Abstract

Biological substances based on proteins, including vaccines, antibodies, and enzymes, typically degrade at room temperature over time due to denaturation, as proteins unfold with loss of secondary and tertiary structure. Their storage and distribution therefore relies on a "cold chain" of continuous refrigeration; this is costly and not always effective, as any break in the chain leads to rapid loss of effectiveness and potency. Efforts have been made to make vaccines thermally stable using treatments including freeze-drying (lyophilisation), biomineralisation, and encapsulation in sugar glass and organic polymers. Here for the first time we show that proteins can be enclosed in a deposited silica "cage", rendering them stable against denaturing thermal treatment and long-term ambient-temperature storage, and subsequently released into solution with their structure and function intact. This "ensilication" method produces a storable solid protein-loaded material without the need for desiccation or freeze-drying. Ensilication offers the prospect of a solution to the "cold chain" problem for biological materials, in particular for vaccines.

Original languageEnglish
Article number46568
Pages (from-to)1-8
Number of pages8
JournalScientific Reports
Volume7
Early online date24 Apr 2017
DOIs
Publication statusPublished - 24 Apr 2017

Freeze Drying
Silicon Dioxide
Vaccines
Hot Temperature
Desiccation
Protein Unfolding
Proteins
Temperature
Glass
Polymers
Antibodies
Enzymes
Therapeutics

Keywords

  • Journal Article

Cite this

abstract = "Biological substances based on proteins, including vaccines, antibodies, and enzymes, typically degrade at room temperature over time due to denaturation, as proteins unfold with loss of secondary and tertiary structure. Their storage and distribution therefore relies on a {"}cold chain{"} of continuous refrigeration; this is costly and not always effective, as any break in the chain leads to rapid loss of effectiveness and potency. Efforts have been made to make vaccines thermally stable using treatments including freeze-drying (lyophilisation), biomineralisation, and encapsulation in sugar glass and organic polymers. Here for the first time we show that proteins can be enclosed in a deposited silica {"}cage{"}, rendering them stable against denaturing thermal treatment and long-term ambient-temperature storage, and subsequently released into solution with their structure and function intact. This {"}ensilication{"} method produces a storable solid protein-loaded material without the need for desiccation or freeze-drying. Ensilication offers the prospect of a solution to the {"}cold chain{"} problem for biological materials, in particular for vaccines.",
keywords = "Journal Article",
author = "Yun-Chu Chen and Tristan Smith and Hicks, {Robert H} and Aswin Doekhie and Francoise Koumanov and Wells, {Stephen A} and Edler, {Karen J} and {van den Elsen}, Jean and Holman, {Geoffrey D} and Marchbank, {Kevin J} and Asel Sartbaeva",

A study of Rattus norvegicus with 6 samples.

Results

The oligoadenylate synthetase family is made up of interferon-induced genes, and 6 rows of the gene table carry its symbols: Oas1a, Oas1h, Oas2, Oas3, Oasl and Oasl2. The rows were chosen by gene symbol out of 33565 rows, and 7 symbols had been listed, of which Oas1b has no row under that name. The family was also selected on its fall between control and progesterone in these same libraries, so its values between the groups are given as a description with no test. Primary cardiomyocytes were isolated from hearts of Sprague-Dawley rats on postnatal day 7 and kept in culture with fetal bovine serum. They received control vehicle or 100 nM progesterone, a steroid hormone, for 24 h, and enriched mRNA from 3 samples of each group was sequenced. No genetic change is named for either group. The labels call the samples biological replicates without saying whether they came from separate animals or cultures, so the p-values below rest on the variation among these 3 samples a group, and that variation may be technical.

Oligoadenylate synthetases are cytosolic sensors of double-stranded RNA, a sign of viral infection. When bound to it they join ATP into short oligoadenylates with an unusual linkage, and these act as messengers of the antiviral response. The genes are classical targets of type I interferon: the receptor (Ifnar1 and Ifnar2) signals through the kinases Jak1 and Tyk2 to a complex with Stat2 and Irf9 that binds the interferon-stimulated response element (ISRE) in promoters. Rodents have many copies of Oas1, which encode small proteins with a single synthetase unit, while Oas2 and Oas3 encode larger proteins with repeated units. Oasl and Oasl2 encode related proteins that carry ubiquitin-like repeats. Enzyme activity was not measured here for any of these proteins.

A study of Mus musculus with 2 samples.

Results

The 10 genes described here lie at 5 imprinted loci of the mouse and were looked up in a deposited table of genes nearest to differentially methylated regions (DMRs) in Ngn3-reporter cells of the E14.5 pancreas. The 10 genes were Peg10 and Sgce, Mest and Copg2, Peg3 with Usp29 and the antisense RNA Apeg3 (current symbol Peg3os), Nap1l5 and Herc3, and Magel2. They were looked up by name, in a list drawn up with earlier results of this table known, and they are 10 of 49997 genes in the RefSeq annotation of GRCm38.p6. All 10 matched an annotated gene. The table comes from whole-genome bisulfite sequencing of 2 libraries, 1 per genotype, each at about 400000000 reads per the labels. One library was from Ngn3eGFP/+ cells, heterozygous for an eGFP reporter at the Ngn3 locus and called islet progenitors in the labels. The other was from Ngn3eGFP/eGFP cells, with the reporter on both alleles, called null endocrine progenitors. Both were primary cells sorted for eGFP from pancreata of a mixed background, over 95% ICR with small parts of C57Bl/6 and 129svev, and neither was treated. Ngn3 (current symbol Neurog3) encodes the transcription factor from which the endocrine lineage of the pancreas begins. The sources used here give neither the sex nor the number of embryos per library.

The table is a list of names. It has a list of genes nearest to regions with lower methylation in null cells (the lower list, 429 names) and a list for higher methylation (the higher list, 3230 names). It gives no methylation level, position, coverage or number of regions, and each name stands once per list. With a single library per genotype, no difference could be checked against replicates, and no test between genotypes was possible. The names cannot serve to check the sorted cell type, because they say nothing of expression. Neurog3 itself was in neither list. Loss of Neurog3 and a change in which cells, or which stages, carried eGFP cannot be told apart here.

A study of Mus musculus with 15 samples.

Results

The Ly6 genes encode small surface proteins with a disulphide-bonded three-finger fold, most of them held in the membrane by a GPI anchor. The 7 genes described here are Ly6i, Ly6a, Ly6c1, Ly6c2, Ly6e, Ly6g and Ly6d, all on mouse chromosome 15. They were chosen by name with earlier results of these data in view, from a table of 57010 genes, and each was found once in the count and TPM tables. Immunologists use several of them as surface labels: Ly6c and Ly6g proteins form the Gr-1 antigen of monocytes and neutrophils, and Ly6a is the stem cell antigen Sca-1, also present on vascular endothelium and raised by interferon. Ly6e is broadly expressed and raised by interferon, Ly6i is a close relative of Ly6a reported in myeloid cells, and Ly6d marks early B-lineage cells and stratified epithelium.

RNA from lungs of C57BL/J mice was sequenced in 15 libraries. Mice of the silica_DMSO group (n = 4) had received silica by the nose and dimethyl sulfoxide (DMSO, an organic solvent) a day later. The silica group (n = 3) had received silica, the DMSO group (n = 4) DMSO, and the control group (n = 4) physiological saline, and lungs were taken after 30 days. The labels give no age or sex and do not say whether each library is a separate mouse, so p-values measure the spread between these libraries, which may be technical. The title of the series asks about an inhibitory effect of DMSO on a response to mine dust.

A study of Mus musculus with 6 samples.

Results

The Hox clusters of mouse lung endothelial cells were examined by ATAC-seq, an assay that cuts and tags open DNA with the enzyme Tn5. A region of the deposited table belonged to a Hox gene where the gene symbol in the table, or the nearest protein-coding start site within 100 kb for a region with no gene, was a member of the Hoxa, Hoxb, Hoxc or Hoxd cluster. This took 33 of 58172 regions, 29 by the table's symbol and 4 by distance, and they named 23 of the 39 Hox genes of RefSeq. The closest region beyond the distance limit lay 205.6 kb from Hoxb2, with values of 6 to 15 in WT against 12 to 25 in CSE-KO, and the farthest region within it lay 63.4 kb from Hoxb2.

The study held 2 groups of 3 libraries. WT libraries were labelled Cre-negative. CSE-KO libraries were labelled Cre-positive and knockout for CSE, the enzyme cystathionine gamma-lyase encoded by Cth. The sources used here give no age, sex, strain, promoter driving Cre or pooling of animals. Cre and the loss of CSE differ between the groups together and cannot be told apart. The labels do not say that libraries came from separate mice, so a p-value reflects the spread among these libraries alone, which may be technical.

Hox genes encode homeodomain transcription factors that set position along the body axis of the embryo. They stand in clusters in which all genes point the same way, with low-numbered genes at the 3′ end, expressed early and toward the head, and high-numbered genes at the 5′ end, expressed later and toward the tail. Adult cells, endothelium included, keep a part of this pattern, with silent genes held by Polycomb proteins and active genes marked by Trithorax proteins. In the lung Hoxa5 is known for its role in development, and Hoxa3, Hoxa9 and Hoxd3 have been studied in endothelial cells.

year = "2017",
month = "4",

AU - Chen, Yun-Chu

AU - Smith, Tristan

AU - Hicks, Robert H

AU - Doekhie, Aswin

AU - Koumanov, Francoise

AU - Wells, Stephen A

AU - Edler, Karen J

AU - van den Elsen, Jean

AU - Holman, Geoffrey D

AU - Marchbank, Kevin J

AU - Sartbaeva, Asel

PY - 2017/4/24

Y1 - 2017/4/24

N2 - Biological substances based on proteins, including vaccines, antibodies, and enzymes, typically degrade at room temperature over time due to denaturation, as proteins unfold with loss of secondary and tertiary structure. Their storage and distribution therefore relies on a "cold chain" of continuous refrigeration; this is costly and not always effective, as any break in the chain leads to rapid loss of effectiveness and potency. Efforts have been made to make vaccines thermally stable using treatments including freeze-drying (lyophilisation), biomineralisation, and encapsulation in sugar glass and organic polymers. Here for the first time we show that proteins can be enclosed in a deposited silica "cage", rendering them stable against denaturing thermal treatment and long-term ambient-temperature storage, and subsequently released into solution with their structure and function intact. This "ensilication" method produces a storable solid protein-loaded material without the need for desiccation or freeze-drying. Ensilication offers the prospect of a solution to the "cold chain" problem for biological materials, in particular for vaccines.

AB - Biological substances based on proteins, including vaccines, antibodies, and enzymes, typically degrade at room temperature over time due to denaturation, as proteins unfold with loss of secondary and tertiary structure. Their storage and distribution therefore relies on a "cold chain" of continuous refrigeration; this is costly and not always effective, as any break in the chain leads to rapid loss of effectiveness and potency. Efforts have been made to make vaccines thermally stable using treatments including freeze-drying (lyophilisation), biomineralisation, and encapsulation in sugar glass and organic polymers. Here for the first time we show that proteins can be enclosed in a deposited silica "cage", rendering them stable against denaturing thermal treatment and long-term ambient-temperature storage, and subsequently released into solution with their structure and function intact. This "ensilication" method produces a storable solid protein-loaded material without the need for desiccation or freeze-drying. Ensilication offers the prospect of a solution to the "cold chain" problem for biological materials, in particular for vaccines.